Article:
Books are already historical artifacts

Books are really starting to feel archaic to me. Quaint artifacts. This was hammered home during a bookshelf-purging exercise last night.

Kim and I have been downsizing our book library for years now. It was already cut down to a just few shelves worth. Small as it is, we hacked into what remains of the collection and lightened it another 50%. Along the way, the obsolescence of several items was quite striking …

A dictionary — what’s the point? I now look up words in ebooks as I read them, with a dazzling convenience factor. And if the word isn’t in the built-in dictionary (which has only happened once), then I simply carry on with an internet search (which is how I recently learned all about “bucellarii”).

And why keep an atlas when I have astounding mapping apps in my pocket at all times? What good is that beast of a book when I can, in seconds, produce vivid geographic representations of any place on Earth, from (nearly) any place on Earth no less?

Another batch of books that finally me their doom was a set of treasured astronomical references, such as the beefy Burnham’s and a very serious star atlas, Uranometria. These bricks have been lugged through every move I’ve ever done, taken up shelf space in literally every home I’ve ever had. And they’re especially obsolete: there’s not one thing in them that I can’t get faster and better on my iPad. Covered with a red screen protector to preserve night vision, the iPad is a (much) better astronomy companion in every way than 100 pounds of books.

Looking at print editions of my favourite books, it was impossible not to start fantasizing about replacing them — all of them — with ebook editions: so much easier to find favourite passages and quote them! That’s the main reason I keep copies of my favourite books around, after all. Can’t tell you how often I’ve spent a half hour flipping madly through Demon-Haunted World (Sagan) or a massive, beautiful novel like A Soldier of the Great War (Helprin) looking for a passage that I just know is in there … at least half of these efforts fail, and it’s incredibly inefficient.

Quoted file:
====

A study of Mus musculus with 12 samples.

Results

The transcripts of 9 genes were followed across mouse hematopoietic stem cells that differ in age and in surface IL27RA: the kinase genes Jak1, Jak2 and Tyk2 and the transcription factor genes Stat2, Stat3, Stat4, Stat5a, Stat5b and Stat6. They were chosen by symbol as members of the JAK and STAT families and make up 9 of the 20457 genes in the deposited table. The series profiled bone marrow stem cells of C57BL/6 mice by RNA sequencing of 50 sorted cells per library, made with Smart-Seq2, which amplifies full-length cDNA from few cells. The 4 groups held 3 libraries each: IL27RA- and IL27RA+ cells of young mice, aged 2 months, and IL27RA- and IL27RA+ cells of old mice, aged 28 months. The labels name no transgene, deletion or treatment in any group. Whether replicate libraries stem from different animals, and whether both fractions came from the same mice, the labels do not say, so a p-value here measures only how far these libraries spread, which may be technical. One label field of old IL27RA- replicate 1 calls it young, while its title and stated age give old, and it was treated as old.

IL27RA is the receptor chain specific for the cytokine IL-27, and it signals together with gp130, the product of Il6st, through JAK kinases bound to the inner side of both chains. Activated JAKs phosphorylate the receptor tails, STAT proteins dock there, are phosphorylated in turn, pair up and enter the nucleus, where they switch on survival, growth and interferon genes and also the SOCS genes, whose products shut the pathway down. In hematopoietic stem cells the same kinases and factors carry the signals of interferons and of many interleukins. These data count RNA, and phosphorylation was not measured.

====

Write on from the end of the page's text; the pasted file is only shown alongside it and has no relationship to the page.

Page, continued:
On my iPad in an ebook, I can almost always find such things in seconds. For instance …

Earlier this week Kim and I re-watched 300, about a few dozen extremely manly Greeks getting all up in the grill of Xerxes’ the Great, who is presented as pretty much the ultimate in ancient badassery. By coincidence, I found myself reading about Xerxes in a novel a few days later. Here’s a 6th Century Roman general, Belisarius, commenting on how Xerxes actually really had a crap army — a “lightly armored mob” — compared to the seriously upgraded Persians of his own era:

I’m always amazed at the way modern Greek scholars and courtiers don’t live in the real world. Their image of Persian armies is fixed a thousand years ago, in the ancient times. When a small number of disciplined and armored Greek and Macedonian hoplites could always scatter the lightly-armed Persian mobs of Xerxes and Darius. The glorious phalanx of the Hellenes against the motley hordes of despotic Asia.

An Oblique Approach, by David Drake & Eric Flint

Fascinating! Later on I wanted to share this with Kim. Old method: flipping for several minutes, high likelihood of coming up empty. New method: 5 seconds to find the passage searching for the highly distinctive “Xerxes.” And I just did the same thing again for this, and copied and pasted the quote … see how this works? So awesome.

So you can imagine why I am starting to drool about the idea of my entire library of favourite books all stored on my iPad and iPhone. This would enable highly productive rummaging through my collection even when away from the office, such as when I’m writing at a coffee shop, or on one of my writing retreats on Bowen Island. Wow.

Books will always be nostalgic for me, of course. But they are going to lose to ebooks in my life, starting now. And they will clearly be relegated to the history ebooks within a generation.